Often considered vegetarian in Thai restaurants, fish sauce, oyster sauce, and shrimp paste readily feature in Thai cooking. Furthermore, even if you find a vegan restaurant that does not use shrimp paste and fish sauce, oyster sauce is still a strong possibility as many Thais consider it to be vegan.
So what are the options and how do you get around the issues?
Fish sauce, or nam plaa, is used with abandon in Thai cuisine. Luckily, since some of the country's cuisine is cooked quickly and often on the spot, it's easy to customise your meals by asking for condiments like fish sauce and oyster sauce to be left out of a dish.
But what about at home? The fermented umami punch of this ubiquitous ingredient helps to make Thai food taste, well, Thai. But of course it isn't suitable for vegans, so what are some cruelty-free alternatives?
Here is where I get on my soap box. If there’s one thing that annoys me in Thai vegan cooking it’s the many poor fish sauce substitutes that either exist pre-bottled or that recipe authors create. They are as akin to fish sauce as water is to wine.
A good vegan fish sauce is made from fermented soya beans and lots of salt. If there is sugar (although a tiny bit, if just for balance rather than sweetness, is okay), vinegar, lime juice, chilli, or any bits floating around in a clear or pink-ish liquid then throw the bottle right into the pits of hell (joking – just use it as a dipping sauce for fried things). If your recipe includes seaweed or any of the above ingredients, don’t bother. Fish sauce does not taste like any kind of seaweed. Many authors boast their recipe includes a requisite fishy flavour, meaning seaweed, but nonvegan fish sauce does not taste fishy so much as it does funky. This isn't to say those recipes won't taste good, but rather a statement they are not comparable to fish sauce, vegan or otherwise.
I have found the odd few vegetarian fish sauce varieties that are suitable (the brands you will find are likely to be Vietnamese), but they aren't always easy to come by. My favourite brand of vegan fish sauce, which is both salty and funky like the nonvegan versions, is Au Lac (pictured middle in above photo).
If you can’t find a decent bottle of vegan sauce, use a combination of light/thin soy sauce with some added salt. Fish sauce is a lot saltier than light soy sauce, so the addition of extra salt will at least approximate the briny flavour. Sometimes I add a little bit of fermented white tofu for a hint of pungency. A mix of 1 teaspoon liquid from a jar of white fermented tofu, ½ teaspoon of thin soy sauce, and a slightly rounded ⅛ teaspoon salt will give you a funkier result that still maintains the high salt content of good fish sauce.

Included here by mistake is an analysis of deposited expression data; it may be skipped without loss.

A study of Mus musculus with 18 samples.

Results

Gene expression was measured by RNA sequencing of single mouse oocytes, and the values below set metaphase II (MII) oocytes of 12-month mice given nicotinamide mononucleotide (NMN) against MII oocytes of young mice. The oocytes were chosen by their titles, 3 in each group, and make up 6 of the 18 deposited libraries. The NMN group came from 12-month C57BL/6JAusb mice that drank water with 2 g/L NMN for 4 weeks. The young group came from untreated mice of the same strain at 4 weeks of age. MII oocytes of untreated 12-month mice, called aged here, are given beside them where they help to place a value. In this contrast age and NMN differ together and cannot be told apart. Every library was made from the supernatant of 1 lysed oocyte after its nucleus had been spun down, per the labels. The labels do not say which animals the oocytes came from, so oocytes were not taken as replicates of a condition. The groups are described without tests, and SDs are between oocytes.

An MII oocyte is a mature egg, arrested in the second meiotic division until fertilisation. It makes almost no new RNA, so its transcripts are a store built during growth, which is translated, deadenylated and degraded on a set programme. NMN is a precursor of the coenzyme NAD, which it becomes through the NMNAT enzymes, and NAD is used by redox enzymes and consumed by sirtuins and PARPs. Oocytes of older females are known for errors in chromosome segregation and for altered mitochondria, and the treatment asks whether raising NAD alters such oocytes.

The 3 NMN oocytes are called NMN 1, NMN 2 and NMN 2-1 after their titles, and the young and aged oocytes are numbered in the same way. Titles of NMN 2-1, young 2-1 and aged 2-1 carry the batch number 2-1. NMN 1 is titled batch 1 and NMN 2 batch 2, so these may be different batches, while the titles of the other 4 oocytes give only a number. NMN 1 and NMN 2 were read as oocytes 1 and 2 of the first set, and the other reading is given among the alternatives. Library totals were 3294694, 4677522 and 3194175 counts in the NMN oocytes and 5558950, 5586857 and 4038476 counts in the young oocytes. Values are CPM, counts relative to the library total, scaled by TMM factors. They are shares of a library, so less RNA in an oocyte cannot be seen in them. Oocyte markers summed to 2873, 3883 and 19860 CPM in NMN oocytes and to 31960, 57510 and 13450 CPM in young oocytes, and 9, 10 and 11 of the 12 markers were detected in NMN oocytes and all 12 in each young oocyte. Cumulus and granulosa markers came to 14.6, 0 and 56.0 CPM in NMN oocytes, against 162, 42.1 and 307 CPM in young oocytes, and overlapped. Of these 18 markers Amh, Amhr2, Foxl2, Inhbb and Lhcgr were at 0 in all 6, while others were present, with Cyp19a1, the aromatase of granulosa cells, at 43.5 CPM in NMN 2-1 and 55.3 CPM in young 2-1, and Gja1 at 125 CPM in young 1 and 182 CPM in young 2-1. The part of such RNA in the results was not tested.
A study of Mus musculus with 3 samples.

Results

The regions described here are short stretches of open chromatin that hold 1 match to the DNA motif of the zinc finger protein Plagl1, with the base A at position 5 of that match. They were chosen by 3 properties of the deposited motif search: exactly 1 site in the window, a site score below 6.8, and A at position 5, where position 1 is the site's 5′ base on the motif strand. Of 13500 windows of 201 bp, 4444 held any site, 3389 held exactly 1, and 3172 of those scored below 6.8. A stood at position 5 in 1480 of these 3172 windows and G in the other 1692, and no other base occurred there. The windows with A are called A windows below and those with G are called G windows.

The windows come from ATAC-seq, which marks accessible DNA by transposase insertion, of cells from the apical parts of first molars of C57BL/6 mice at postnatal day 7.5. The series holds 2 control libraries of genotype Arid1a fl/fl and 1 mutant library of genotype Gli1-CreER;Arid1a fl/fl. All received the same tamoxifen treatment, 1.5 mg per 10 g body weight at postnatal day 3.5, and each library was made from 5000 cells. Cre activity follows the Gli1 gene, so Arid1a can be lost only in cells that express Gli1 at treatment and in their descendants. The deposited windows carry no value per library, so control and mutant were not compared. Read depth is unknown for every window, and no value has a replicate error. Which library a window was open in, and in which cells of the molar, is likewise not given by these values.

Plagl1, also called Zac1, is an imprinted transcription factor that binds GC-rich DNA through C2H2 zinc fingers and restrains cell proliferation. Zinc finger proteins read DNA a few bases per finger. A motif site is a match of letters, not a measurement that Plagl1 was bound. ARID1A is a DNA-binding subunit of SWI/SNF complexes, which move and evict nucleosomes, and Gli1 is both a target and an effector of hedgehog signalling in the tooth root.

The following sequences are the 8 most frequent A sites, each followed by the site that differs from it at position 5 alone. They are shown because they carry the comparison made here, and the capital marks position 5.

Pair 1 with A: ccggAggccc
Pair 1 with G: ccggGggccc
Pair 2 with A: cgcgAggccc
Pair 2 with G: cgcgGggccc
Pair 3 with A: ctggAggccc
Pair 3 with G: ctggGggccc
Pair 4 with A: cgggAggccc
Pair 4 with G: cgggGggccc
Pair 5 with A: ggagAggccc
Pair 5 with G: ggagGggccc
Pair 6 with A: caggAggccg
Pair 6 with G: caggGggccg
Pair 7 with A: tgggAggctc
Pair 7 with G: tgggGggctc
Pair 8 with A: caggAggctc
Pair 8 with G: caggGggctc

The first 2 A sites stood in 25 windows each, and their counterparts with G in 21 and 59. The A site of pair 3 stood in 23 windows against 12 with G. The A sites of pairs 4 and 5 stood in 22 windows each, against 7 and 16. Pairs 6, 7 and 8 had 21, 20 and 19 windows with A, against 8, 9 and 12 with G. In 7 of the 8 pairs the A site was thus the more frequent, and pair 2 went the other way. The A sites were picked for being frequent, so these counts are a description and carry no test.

There are many oyster sauce alternatives, which are gloopy in texture and usually made with mushrooms. If it isn’t labelled vegetarian oyster sauce, the bottle might be labelled as mushroom stir fry sauce. Use these interchangeably with oyster sauce.
That gorgeous curry stall with half a dozen varieties, including an all vegetable blend, is about as likely to be vegan as a bean is likely to transform into a bat. Shrimp paste (gapi) is a fragrant fermented mass used in most curry pastes and often added to various Thai dishes for a pungent and salty kick.
You might think it’s gross, but may have inadvertently eaten it if you regularly order Thai curries in non vegetarian Thai restaurants. Always ask beforehand if the curry pastes are made with shrimp paste. Most people know to ask for no fish sauce, but shrimp paste is still a likely lurker.
There are vegan alternatives, readily (ish) available in Thailand, made from fermented bean protein. They are not dissimilar to a dark miso. In my opinion, vegan shrimp pastes made in Thailand taste more similar to Korean doenjang than to any Japanese miso. Nevertheless, miso is a good substitution, or a combination of miso and fermented bean paste. Swapping shrimp paste out for doenjang or miso will mean you still achieve a tasty end result. Seek dark bean pastes, not white miso, from your local Asian grocer if you feel like you want to spend the time making your own curry pastes.
You can also eliminate shrimp paste from curry paste recipes and just use a little extra salt instead. Most premade vegan curry pastes in Thailand are made this way.